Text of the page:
Caring about the environment is the new black. Just like the clothing and accessories of the modern day hipster, the ideals of peace, love and protecting Mother Earth are back like a bad cold. The old ideas of the hippy movement have combined with technology to create a love child named the green movement. Solar panels, wind power, hybrid cars-- they're all part of the new trend. In this coming federal election, every single party (except the Conservatives) that participated in the debates has a new and improved green plan. But are these plans legitimate? It seems like they're just a ploy to grab the popular vote.
The Liberal Party has a huge Green Shift plan. According to their website, thegreenshift.ca, this "bold plan" promises to cut income taxes, put a price on pollution, fight poverty and position Canada to be a leader in the 21st century global economy.
"Our plan is as powerful as it is simple," the website says. "We will cut taxes on those things we all want more of, such as income, investment and innovation, and we will shift those taxes to what we all want less of: pollution, greenhouse gas emissions and waste."
Yet, according to an article on davidsuzuki.org, when he was acting Environment Minister, Dion presented his "Project Green" and was criticized by environmentalists for acting too timid and lacking meaningful regulations. Then too timid, now too bold? Not surprisingly, government reports failed to show significant progress towards reducing Canada's greenhouse gas emissions during Dion's brief time in office. Also, according to the Conservative Party website, although the Liberal Party held power for 13 years, greenhouse gas emissions actually went up 27 per cent.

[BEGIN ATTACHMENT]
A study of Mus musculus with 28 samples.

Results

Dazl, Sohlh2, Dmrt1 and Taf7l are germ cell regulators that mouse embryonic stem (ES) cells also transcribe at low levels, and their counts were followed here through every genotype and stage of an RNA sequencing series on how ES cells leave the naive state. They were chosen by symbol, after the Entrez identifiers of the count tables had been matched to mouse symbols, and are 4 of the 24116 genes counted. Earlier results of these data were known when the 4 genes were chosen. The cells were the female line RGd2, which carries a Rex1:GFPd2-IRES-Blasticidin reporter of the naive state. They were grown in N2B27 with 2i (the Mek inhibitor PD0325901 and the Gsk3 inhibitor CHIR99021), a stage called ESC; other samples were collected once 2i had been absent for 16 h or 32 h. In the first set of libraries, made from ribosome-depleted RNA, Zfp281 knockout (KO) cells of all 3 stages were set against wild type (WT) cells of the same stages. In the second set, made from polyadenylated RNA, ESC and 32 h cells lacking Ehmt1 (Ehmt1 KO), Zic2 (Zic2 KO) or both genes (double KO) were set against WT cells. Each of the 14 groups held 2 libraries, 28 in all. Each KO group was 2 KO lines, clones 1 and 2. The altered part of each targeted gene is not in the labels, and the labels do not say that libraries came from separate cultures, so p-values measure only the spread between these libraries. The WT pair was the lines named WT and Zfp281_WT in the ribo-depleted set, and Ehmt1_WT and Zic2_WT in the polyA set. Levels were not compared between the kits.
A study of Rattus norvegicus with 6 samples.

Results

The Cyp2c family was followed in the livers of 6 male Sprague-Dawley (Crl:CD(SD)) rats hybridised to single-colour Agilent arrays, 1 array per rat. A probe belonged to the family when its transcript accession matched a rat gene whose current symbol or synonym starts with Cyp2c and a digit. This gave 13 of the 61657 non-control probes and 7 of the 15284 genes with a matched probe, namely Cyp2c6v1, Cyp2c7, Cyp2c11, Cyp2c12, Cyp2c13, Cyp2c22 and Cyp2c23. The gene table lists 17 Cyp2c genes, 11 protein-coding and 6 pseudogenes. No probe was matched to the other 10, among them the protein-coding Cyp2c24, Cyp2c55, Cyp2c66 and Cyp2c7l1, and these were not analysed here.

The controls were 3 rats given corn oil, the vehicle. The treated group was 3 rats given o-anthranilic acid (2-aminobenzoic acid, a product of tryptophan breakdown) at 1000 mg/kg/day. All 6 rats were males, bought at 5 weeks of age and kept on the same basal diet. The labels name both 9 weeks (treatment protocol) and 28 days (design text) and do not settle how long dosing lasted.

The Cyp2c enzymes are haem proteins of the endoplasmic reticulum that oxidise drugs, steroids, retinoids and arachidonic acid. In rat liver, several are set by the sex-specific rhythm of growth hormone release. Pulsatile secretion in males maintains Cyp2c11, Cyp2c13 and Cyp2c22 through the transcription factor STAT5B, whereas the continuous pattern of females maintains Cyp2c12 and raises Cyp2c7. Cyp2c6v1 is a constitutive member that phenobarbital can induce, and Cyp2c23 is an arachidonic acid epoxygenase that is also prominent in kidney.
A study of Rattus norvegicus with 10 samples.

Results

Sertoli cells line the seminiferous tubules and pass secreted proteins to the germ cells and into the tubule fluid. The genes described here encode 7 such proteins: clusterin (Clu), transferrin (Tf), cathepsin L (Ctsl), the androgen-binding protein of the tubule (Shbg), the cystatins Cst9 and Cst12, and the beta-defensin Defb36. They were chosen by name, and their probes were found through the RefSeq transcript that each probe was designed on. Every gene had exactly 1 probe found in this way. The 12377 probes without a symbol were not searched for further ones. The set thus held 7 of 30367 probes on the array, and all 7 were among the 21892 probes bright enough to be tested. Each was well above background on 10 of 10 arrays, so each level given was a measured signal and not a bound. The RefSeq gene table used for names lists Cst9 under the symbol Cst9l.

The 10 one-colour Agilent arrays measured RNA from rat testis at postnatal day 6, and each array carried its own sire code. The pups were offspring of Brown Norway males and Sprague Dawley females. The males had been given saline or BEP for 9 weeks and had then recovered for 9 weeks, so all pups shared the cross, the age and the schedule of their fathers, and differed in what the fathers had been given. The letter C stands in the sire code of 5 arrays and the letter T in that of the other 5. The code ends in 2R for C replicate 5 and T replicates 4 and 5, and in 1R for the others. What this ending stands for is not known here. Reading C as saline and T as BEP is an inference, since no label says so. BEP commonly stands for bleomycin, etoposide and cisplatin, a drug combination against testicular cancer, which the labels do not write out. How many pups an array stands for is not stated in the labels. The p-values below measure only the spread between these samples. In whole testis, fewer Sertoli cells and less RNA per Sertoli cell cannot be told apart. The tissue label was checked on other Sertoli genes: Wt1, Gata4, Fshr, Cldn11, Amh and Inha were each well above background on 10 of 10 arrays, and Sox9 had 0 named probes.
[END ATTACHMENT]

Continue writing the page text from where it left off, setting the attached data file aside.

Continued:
The Conservative party are also unlikely to follow through with its green plans.
"[We are] turning the corner with a practical, achievable plan to clean up Canada's air, land and water and to reduce greenhouse gas emissions," their website, conservative.ca says. However, the Conservative Party showed their disinterest in the support of the environment when they killed the Clean Air and Climate Change Act (Bill C-30), which, as reported by voteforclimate.ca, left Canada without emission reduction policies after the party had held office for a year.
NDP leader Jack Layton included this promise in his platform: "[We will] make big polluters pay. We will put a price on carbon through a 'cap-and-trade' carbon pricing system which establishes hard limits on pollution and a tough charge on polluters who exceed the limits."
Unfortunately, the promises of a "cap-and-trade" system (the government sets the total amount of pollutant that companies can emit, companies can buy and sell emission allowances as long as they stay under the cap), would go along with the Western Climate Initi ative, a system that won't come into effect until 2012. This means that an NDP government would sit around for four years, waiting for the system to commence.
The only legitimate political party to have always cared about the environment is the Green Party. Regrettably, the environment has been their only concern for the last few elections. This election, they've opened up with a platform including economic and social concerns, but barely. In the quick overview of their platform on votefortomorrow.ca: "The most urgent threat is the climate crisis . . . We must also invest in peace. And we must shockproof our society against unforeseeable events by building in resilience."
The green movement doesn't seem so legitimate anymore. It is a plausible, sustainable ideal which calls for more care of what humans are taking from the planet. However, using it to gain the popular vote is a sad ploy. Hopefully the next trend doesn't consist of fossil fuels made out of koala bears.